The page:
Once in a while you write some code that you’re pretty sure will never be useful to anyone else on the planet, but the idea is cool, so you want to share it.

Hence this post.

The Power Of Relations

I was making coffee one Sunday morning, thinking about how I could keep turning a site into a wiki-level click hole, where a person could get lost for hours and days reading article after article. The reason WikiPedia works so well is that the content is all interlinked. Now, if you’ve never been a wiki editor, and you’ve just noticed that there are a billion links on every page, taking you around the universe, I’ll let you in on a secret. Those links are all human-made. A person goes in and makes those links, giving you ‘related’ posts.

But WikiPedia really only works well due to the massive amounts of people who know weird shit and are willing to help and share. When it’s just you and your crazy friend running a site, that’s a lot of work. And you have wives and pets and kids to take care of. No, you want– you need to automate the heck out of this stuff.

Related Posts are Hard

Making related posts is a hard thing. There are myriad algorithms out there to calculate ‘relatedness’ and they’re all crazy complex. Worse, they all require a lot of processing power. There’s a reason Jetpack’s related posts feature runs on their servers. They’ve got more power than you do, and it stops people on shared from being nasty neighbors.

This code is not a replacement for that code. This code is very specific and very targeted. It relies on people being clever (but not too clever). But when it works, it makes the interwoven data sets of a site work well. Because you see, we’re not talking about ‘If you like this article, read this other one…’ No. No we’re talking about crossing custom post types.

Relations Across Post Types

Hold on. I know what you’re thinking.

The point of separate post types is not to cross the streams. Yes, I know. But that’s actually not true. Menus, for example, are a post type, and you a great many people want to have specific menus to their post types. That sounds logical, doesn’t it? Well, in this case, I have a post type for TV Shows, and I have regular old blog posts.

My lightbulb moment was three-fold:

  1. When we write articles about the TV Shows, we logically use tags of the show name.
  2. Those show name tags match the slugs of the TV shows.
  3. If we link back to the articles from the TV Show page, then we’re getting people down the click hole.

This meant my logic was simple: On the TV show page, check if there are any blog posts tagged with the show name and, if so, that post was ‘related’ to the show and therefore we should link back to it.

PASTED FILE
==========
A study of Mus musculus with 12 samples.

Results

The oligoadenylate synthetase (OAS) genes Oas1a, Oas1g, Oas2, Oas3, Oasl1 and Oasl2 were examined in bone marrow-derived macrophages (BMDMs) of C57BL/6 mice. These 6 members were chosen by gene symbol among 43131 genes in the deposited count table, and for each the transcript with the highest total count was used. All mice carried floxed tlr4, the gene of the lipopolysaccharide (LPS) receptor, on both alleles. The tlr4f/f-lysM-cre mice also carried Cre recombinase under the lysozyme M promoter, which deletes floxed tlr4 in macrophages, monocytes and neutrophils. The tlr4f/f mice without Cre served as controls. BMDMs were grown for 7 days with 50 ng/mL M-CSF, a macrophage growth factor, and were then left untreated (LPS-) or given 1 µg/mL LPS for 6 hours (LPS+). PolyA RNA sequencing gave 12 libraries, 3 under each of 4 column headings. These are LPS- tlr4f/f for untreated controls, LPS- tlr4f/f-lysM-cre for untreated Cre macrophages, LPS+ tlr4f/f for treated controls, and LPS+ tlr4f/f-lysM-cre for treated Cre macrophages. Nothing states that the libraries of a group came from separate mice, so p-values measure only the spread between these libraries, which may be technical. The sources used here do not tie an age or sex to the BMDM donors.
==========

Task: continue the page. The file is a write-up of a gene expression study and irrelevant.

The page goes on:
The Code

I put all this into a function so I could re-use it in a couple places. I like not repeating myself with code. I also have the function call another function, because I actually re-use this to connect different post types that all use the same tags. If you don’t need that, you can tighten it up.

The Display

This is in the theme:

$slug = get_post_field( 'post_name', get_post() );
$term = term_exists( $slug , 'post_tag' );
if ( $term !== 0 && $term !== null ) { ?>
	<section name="related-posts" id="related-posts" class="shows-extras">
		<h2>Related Posts</h2>
		<?php echo related_posts( $slug, 'post' ); ?>
	</section> <?php

The Functions

And here’s the function it calls:

function related_posts( $slug ) {
	$related_post_loop  = related_posts_by_tag( 'post', $slug );
	$related_post_query = wp_list_pluck( $related_post_loop->posts, 'ID' );

	if ( $related_post_loop->have_posts() ) {
		$the_related_posts = '<ul>';
		foreach( $related_post_query as $related_post ) {
			$the_related_posts .= '<li><a href="' . get_the_permalink( $related_post ) . '">' . get_the_title( $related_post ) . '</a> &mdash; ' . get_the_date( get_option( 'date_format' ), $related_post ) . '</li>';

		$the_related_posts .= '</ul>';

	return $the_related_posts;

And here’s the function that calls:

function related_posts_by_tag( $post_type, $slug ) {
	$term = term_exists( $slug, 'post_tag' );
	if ( $term == 0 || $term == null ) return;

	$count = '5';
	$query = new WP_Query( array(
		'post_type'       => $post_type,
		'posts_per_page'  => $count,
		'no_found_rows'   => true,
		'post_status'     => array( 'publish' ),
		'tag'             => $slug,
		'orderby'         => 'date',
		'order'           => 'DESC',
    ) );

	return $query;

The Result?

An unordered list of the last five related posts. You could add a link to ‘show more’ if you were so included.